Postponed Tax Filing Due Dates Impact Bankruptcy and the Three-Year Rule
Taxes in bankruptcy don’t normally go away or get discharged. However, there are some exceptions to the rule. Sometimes, older tax debts can be discharged in bankruptcy. One of the keys is the due date of the taxes, which is not always April 15. Events can move the tax due date. These extensions impact the 3-year rule.
One of the factors to determine bankruptcy dischargeability of tax debt is what we call the “three-year rule” per 11 USC 507. Note: there are factors that can stop (or toll) the three-year clock, so three years is not set in stone. See a bankruptcy professional or tax expert for analysis of your unique situation.
The Three-Year Rule of Section 507
Let’s start with the general rule. Section 507 of the Bankruptcy Code says, in part, at (8)(A)(i):
Eighth, allowed unsecured claims of governmental units, only to the extent that such claims are for—
(A) a tax on or measured by income or gross receipts for a taxable year ending on or before the date of the filing of the petition—
(i) for which a return, if required, is last due, including extensions, after three years before the date of the filing of the petition;
Taxes are due on Tax Day: April 15 each year, so this is easy, right? Not so fast. Notice the wording of that, when “last due.” If the taxpayer, for example, got an extension to file their tax return in a given year, the due date is no longer mid-April, but the extension date. So, it would be the extension’s due date from which the three years started.
We’ll often count three years from the due date for the taxes of a given year, typically around April 15. However, this date can be moved by the taxpayer if the taxpayer got an extension to file.
Plus, there are other factors which can move the tax due date: government action.
Exceptions to the Rule: Governmental Extensions
We saw that the taxpayer can ask for an extension to file their return, which changes the date that the taxes were “last due.” In addition, a government taxing agency can also move the date.
This is often done to accommodate a region (or the entire nation) affected by a natural disaster, or even just a weekend or the day of the week. It can be extended by the federal government (IRS), the state tax authority, or both.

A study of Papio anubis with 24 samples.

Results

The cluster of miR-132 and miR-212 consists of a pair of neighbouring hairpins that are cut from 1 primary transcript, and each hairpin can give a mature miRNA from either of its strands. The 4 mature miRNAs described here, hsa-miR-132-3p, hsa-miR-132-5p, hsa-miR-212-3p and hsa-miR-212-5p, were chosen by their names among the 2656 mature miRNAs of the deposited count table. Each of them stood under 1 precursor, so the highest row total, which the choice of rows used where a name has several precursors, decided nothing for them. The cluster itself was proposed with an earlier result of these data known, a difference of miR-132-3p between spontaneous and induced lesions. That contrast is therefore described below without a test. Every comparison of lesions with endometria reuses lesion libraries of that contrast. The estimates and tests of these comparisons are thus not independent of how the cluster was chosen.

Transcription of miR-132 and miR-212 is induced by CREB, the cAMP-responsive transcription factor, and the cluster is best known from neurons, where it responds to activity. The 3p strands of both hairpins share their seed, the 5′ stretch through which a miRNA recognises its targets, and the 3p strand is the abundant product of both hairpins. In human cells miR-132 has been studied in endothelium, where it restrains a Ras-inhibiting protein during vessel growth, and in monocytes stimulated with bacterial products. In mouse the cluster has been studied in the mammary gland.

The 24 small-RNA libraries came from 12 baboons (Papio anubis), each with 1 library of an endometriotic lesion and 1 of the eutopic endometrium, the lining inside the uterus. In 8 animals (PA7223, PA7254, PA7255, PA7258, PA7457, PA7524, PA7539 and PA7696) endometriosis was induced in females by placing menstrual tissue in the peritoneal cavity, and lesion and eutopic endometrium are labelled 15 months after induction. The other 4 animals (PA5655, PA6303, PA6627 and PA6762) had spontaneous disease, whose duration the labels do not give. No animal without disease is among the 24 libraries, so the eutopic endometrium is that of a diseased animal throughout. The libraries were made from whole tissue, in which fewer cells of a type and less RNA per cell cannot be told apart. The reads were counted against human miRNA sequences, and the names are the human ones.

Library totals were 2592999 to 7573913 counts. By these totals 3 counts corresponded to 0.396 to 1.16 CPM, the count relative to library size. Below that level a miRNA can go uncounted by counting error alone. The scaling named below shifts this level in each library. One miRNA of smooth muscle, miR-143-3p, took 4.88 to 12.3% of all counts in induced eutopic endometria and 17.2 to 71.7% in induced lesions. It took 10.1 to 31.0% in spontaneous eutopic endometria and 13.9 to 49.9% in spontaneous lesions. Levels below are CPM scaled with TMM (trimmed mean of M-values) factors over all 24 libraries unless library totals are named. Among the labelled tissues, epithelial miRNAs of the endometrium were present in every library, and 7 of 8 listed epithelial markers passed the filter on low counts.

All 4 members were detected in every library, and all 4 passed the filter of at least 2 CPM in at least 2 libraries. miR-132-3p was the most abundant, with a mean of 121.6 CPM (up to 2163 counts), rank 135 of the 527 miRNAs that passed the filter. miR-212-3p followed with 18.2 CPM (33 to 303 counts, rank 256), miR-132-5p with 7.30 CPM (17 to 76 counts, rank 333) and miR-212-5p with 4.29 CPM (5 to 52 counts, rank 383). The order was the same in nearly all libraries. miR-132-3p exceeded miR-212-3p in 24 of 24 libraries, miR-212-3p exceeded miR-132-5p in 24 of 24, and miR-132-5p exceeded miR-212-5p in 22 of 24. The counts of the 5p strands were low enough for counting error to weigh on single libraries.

Note: the following is not intended or meant to be an exhaustive list of every due date extension for all years, but only to highlight a couple which are relevant now in 2023.
Due Date for Tax Year 2019
So, yes, the tax filing due date can also be moved by the government. We saw this during the Covid-19 pandemic. The tax due date deadline to file federal and state 2019 returns was extended to July 15, 2020 due to the pandemic.
As a result, filing bankruptcy on April 16, 2023 this year would likely have no effect on tax debt from tax year 2019. Why? It hasn’t been three years yet since the return, (absent extension or tolling events), was last due. At the very soonest, a bankruptcy would need to be filed on or after July 16, 2023 to qualify for the 3-year rule for tax year 2019. But again, there are other considerations to weigh that would make this date later, so ask your tax professional.
Due Date for Tax Year 2022
Locally here in California, there is another change in the tax due date. This time it affects taxes to be filed this year: tax year 2022. It hasn’t gotten much publicity, but the tax due date for Californians (state and possibly federal returns) this year’s 2022 returns is May 15, 2023 because of rain storms.
That means that in 2026, filing a bankruptcy in mid-April of that year won’t discharge tax liability for tax year 2022. At the very soonest, the bankruptcy would need to be filed after May 15, 2026, possibly later depending on other factors which push the date back even further. See your tax expert for details.